It was recently confirmed that the UK’s no-fault divorce legislation (the Divorce, Dissolution and Separation Bill) won’t come into force until April 2022. 

The long-awaited changes are set to be the biggest shake-up of divorce laws in half a century, with the aim of reducing the impact that allegations of blame can have on a couple and any children that may be involved in the process. 

While the institution of marriage continues to remain significant for many people, for Asian communities, it is particularly sacred. 

The topic of divorce can therefore bring with it a significant amount of shame and resentment. For example, Islam discourages divorce but, unlike some religions, does make provision for it by either party. 

Sharia Law provides general guidelines for the process of divorce, with emphasis on both parties upholding the values of justice and kindness in formalising the end to their marriage. In the UK, however, the court does not always recognise a religious ceremony as a legally valid marriage.  

If parties have married abroad but wish to divorce in the UK, it is important to check that a legally valid marriage ceremony took place according to the laws of that country. This can be a rather complicated area and so it is always advisable to seek legal advice before starting any divorce proceedings, particularly if you are unsure which country should deal with the divorce.  

In some Asian marriages, desire to separate may stem from cultural differences, for example. However, under current laws, this does not count as one of the five grounds for divorce and would be rejected by the court.

As a result, what may begin as an amicable separation can quickly spiral out of control once there is a need to allege unreasonable behaviour. Not only this, but proceedings can also become increasingly expensive. 

In Asian culture, there is already a high level of blame made against one party, usually the person applying for the divorce. In our experience this can make what is already a distressing situation more difficult for the parties.  

The expected new law will allow one spouse - or the couple jointly - to make a statement of irretrievable breakdown.

This means that the element of blame will be removed, at least legally. It will also reduce the ability for one spouse to contest a divorce if the other wants one – which, in some cases, has allowed domestic abusers to exercise further coercive control over their victim.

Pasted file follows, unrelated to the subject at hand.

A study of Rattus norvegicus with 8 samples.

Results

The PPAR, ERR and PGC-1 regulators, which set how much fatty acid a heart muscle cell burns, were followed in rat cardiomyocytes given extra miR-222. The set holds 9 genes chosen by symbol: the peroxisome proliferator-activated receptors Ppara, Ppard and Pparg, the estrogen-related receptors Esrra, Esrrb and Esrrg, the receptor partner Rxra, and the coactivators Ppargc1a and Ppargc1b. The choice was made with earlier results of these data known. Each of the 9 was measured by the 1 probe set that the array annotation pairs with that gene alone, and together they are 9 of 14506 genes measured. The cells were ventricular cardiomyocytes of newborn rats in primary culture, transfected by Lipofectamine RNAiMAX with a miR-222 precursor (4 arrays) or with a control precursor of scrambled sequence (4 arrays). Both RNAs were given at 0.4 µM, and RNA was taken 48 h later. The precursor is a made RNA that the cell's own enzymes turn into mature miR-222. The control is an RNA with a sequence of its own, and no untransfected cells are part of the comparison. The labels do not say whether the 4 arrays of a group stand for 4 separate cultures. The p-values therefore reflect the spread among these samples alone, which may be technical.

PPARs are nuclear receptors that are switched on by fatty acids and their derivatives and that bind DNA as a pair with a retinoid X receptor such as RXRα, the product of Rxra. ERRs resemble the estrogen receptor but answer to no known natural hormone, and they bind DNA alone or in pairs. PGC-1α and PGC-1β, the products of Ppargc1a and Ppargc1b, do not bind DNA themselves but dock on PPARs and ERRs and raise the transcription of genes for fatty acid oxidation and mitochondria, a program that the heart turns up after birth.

Crucially, it will also introduce a 20-week period between the initial petition stage and when the court grants the provisional decree of divorce (the ‘decree nisi’). This will provide a meaningful period of reflection and the chance to turn back or, where divorce is inevitable, it will allow couples the opportunity to cooperate and plan for their futures, whether together or apart. 

For people pursuing a divorce, it is important to remember that knowledge is power; by seeking the support of an expert, the process will be made smoother. Even in the current situation, it doesn’t have to be messy or complicated. However, it is important to remember that finances are treated separately and doing the groundwork as a couple can allow the focus to remain on ensuring the best future for all involved. 

Divorce is never an easy subject, and the effects are almost always felt across families and the wider community. However, the expected new legislation may provide a breath of fresh air for many Asian couples in particular who wish to separate amicably. Until then, it is more important than ever for parties to fully understand the current laws surrounding divorce, how the process is expected to change, and what the new rules might mean for them. 

By Monica Ghai, family law specialist at law firm, Shakespeare Martineau. Monica is also a member of Resolution and the Law Society’s Advanced Family Law Panel.